Under the influence

Pentecost 23 – 2016

Luke 18:15-30

Marian Free

 

In the name of God who asks that we place our trust in God alone. Amen.

“Under the influence” is an apt description of someone who is an alcoholic. It reflects the reality that their lives are determined by something external to themselves, that they have ceded power over their lives to another. Addiction is like that. It can completely take over a person, often making them utterly unable to think of anything other than the next hit, the next drink, the next bet. Sometimes they are so focused on whatever the perceived benefit of the addiction is, that they are unable to see the effect that their behaviour is having on those around them.

It is only possible an addict to escape the hold of addiction if they recognise it to be a problem. Breaking a habit, giving up substance abuse, takes an enormous act of the will. It means learning to depend on/place one’s trust in someone or something else. “Recovery” will involve will power, grit and determination and the support of others. Some people will never break the habit, they will continue to engage in the destructive behaviour even if it threatens to cost them their jobs, their families and their lives. Nothing else exerts the same power and influence over their lives and in the end, many of them give everything away, because they cannot stop themselves having one more drink, one more bet.

There are of course success stories. Some addicts do realise that they have a problem. They enter rehab programmes, join A.A. and other support groups and they follow the advice that they are given. With appropriate support systems they are able to sever their relationship with their addiction and replace it with relationships that are less destructive and disempowering.

If you have ever known anyone in the grip of addiction, you will know that it is a terrible thing that overcomes all rational thought and decision-making. Whether it be gambling, drugs or alcohol, the addiction takes such a firm grasp that the sufferer can find it almost impossible to break free. They are seemingly able to tolerate their ability to hold a job decline, their health deteriorate and their family fall apart rather than give up whatever it is that has them in its thrall.

Addiction is fairly easily recognised and most of us can feel smug that we have never allowed ourselves to be caught in its grip. In reality though many of us allow all kinds of things to control our lives, some are physical and relatively easy to identify, others are emotional and can disguise themselves in a variety of ways. We can be bound by a need to be in control or by a need for security. It is possible to allow anger, fear, resentment or bitterness to take over our lives, to determine how we live, how we interact with others.

Dependence on anything – drugs, relationships, gambling, wealth – can be limiting and life destroying, (metaphorically and physically). It means ceding control of one’s life to a substance or habit, rather than taking control and making decisions that are life-giving, liberating and empowering. What is more, dependence on substances, activities, possessions or even on our emotional needs for security are a clear sign that our relationship with God is superficial and dependent on much as outward show as it is on a deep and abiding trust in God’s love and care for us.

A first reading of today’s gospel can lead us to think that the story about the ruler is all about money. After all, don’t those who enter the religious life give everything away, didn’t the disciples leave everything to follow Jesus, doesn’t Jesus command the ruler to sell his possessions and to follow him?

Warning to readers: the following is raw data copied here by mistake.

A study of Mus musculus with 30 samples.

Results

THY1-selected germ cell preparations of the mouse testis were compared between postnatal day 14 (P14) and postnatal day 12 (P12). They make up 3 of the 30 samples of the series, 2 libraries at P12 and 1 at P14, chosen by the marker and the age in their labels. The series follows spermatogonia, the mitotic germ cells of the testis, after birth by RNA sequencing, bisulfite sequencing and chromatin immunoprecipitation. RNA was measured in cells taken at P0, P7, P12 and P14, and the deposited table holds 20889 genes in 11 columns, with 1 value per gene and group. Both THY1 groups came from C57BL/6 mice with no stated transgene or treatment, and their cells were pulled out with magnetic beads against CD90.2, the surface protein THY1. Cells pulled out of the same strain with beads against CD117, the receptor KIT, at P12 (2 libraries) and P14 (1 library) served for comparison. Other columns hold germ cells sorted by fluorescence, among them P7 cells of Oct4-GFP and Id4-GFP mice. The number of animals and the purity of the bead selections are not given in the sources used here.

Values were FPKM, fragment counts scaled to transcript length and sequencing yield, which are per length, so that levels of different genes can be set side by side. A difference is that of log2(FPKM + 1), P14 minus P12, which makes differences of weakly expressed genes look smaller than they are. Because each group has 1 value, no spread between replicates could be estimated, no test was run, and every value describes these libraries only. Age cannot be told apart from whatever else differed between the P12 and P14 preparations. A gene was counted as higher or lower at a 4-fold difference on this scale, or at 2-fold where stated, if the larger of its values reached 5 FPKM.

It is easy to believe that Jesus’ words to the ruler apply to all of us, but that would be to miss the point. Luke is reporting a conversation between Jesus and one other person. The ruler has come to Jesus with a specific question: “What must I do to inherit eternal life?”

On examination Jesus discovers that the ruler already keeps the commandments – the most obvious way to attain eternal life. Despite this however, the ruler appears to be aware that something is missing from his life and his faith. That is why he has come to Jesus – not to boast in what he is doing, but to discover what it is that he is not doing. Jesus’ reply is specific to the ruler. He has in effect asked what is lacking in his faith and in his life, and Jesus recognises that it is his dependence on his possessions that is keeping him from feeling secure in God’s love, that is filling him with doubts about his worthiness to inherit eternal life. Jesus discerns that the ruler will only be truly free to accept God’s love, if he is to stop trusting in his possessions and to trust in God instead. If in the present he is not sure of God’s love, how will he be able to trust God with eternity?

The problem for the ruler was not so much that he was rich but that he couldn’t imagine life without his wealth, and without his possessions. They had such a hold on him that he could not let go. His desire for eternal life was not so strong that he was able to let that desire determine how he lived. He was so dependent on his possessions that he could not and would not exchange them for dependence on God.

When Jesus orders the ruler “to sell his possessions, give the money to the poor and to come follow him”, Jesus is helping the ruler to identify his dependence on his possessions that prevents him placing his dependence in God.

In response to the gospel there are questions that we can ask ourselves: “Where do we place our trust?” “What are we unwilling to let go?” “What habit, emotion or fear has us in its thrall? And would we give it up for the surpassing power of knowing the love of God in Christ Jesus our Lord?”